I have a motley collection of containers – some of them quite old. In the beginning I used clay pots but that gets expensive and the downside to clay is the pots dry out very quickly (it’s windy on my back deck and when the sun shines it gets rather hot). So I started adding clay-looking plastic in various shapes and sizes.
I have some small pots but more and more I try to keep the number of small pots to a minimum and use the largest, inexpensive pots I can find. They need drainage holes – so if the container doesn’t have any I drill many holes with my electric drill using the largest bit I have. And because my pots are sitting on a wooden (pressure treated) deck, each pot sits on an inverted saucer so that the water can slowly drain from the pots but not saturate the wooden decking. (I do have a few saucers on wheels – I drilled holes in them because otherwise they fill with water when it rains and drown the roots in the pots if I don’t get around to emptying them pronto.)
I start a new pot with a layer of styrofoam peanuts for drainage (in the beginning I used gravel – but that can make the largest pots practically unmovable). Next I add bags of black earth and top the pot up with outdoor potting mix containing fertilizer. About a month into the season I add some time release fertilizer (usually one that encourages flower formation).
Each spring, I clear off the remains of last year’s growth, trying not to disturb whatever might be growing – I don’t clear until I see signs of the perennials returning and until it’s warm enough to be out on the back deck. I loosen the soil around the emerging plants and dig in a bit of time release fertilizer. The pots that held annuals, I clear off completely, dig and turn the soil, adding some fertilizer. I don’t need to water existing pots – they’re soaked pretty thoroughly having been buried in snow all winter. New pots get wet down before I do any planting.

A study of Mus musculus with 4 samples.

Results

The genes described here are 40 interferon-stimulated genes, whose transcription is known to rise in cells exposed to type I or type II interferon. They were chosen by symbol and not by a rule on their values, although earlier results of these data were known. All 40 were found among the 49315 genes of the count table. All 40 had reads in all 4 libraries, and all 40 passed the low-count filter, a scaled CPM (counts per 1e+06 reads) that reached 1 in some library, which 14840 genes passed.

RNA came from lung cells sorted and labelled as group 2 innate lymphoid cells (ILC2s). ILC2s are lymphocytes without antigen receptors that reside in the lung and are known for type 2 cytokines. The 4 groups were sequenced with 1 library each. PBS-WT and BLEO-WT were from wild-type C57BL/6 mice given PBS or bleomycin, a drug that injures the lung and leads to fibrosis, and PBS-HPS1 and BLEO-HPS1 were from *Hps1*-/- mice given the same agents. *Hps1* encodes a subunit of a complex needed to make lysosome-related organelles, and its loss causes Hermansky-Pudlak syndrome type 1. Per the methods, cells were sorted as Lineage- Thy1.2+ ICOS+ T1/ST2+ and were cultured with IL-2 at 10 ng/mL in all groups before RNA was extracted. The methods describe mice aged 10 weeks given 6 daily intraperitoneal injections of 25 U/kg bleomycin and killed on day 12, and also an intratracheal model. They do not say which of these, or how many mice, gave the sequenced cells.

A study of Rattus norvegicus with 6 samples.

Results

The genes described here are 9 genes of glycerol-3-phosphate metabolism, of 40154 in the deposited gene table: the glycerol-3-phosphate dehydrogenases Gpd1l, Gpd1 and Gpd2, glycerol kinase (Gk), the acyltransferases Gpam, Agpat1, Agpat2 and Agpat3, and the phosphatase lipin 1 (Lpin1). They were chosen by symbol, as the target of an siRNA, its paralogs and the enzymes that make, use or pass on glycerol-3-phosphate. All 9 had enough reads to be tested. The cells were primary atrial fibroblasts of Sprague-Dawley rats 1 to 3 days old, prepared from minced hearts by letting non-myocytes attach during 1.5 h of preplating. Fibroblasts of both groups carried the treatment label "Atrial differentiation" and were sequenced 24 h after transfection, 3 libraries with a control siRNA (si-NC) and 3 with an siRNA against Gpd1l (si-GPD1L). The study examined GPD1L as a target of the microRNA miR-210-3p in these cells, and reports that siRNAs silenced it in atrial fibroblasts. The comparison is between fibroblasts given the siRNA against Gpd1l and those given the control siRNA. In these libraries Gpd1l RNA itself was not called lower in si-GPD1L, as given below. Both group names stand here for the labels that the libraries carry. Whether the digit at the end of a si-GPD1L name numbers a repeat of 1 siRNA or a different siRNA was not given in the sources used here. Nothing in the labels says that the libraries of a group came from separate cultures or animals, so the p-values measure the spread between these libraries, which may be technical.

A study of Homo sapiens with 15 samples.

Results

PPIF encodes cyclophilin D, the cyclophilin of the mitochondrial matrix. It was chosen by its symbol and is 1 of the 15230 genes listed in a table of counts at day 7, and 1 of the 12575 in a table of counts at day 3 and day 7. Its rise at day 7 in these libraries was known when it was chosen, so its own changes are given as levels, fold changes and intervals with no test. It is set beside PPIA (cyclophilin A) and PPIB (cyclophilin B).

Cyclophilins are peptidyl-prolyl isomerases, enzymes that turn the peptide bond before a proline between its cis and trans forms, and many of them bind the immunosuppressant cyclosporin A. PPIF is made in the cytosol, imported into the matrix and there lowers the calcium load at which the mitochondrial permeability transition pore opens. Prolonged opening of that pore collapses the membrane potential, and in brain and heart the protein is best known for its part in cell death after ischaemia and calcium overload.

Small pots also get new potting mix each season to which I add water retaining granules. This gel swells in the presence of water and slowly releases the moisture as the soil around the cubes dries out. This keeps the soil more evenly moist and prevents the pots drying out too quickly.
Anything can serve as a container so long as you can create draining holes: barrels, wheelbarrows, storage containers, crates, tires, boots… anything you can think of. I mostly stick to “pots”.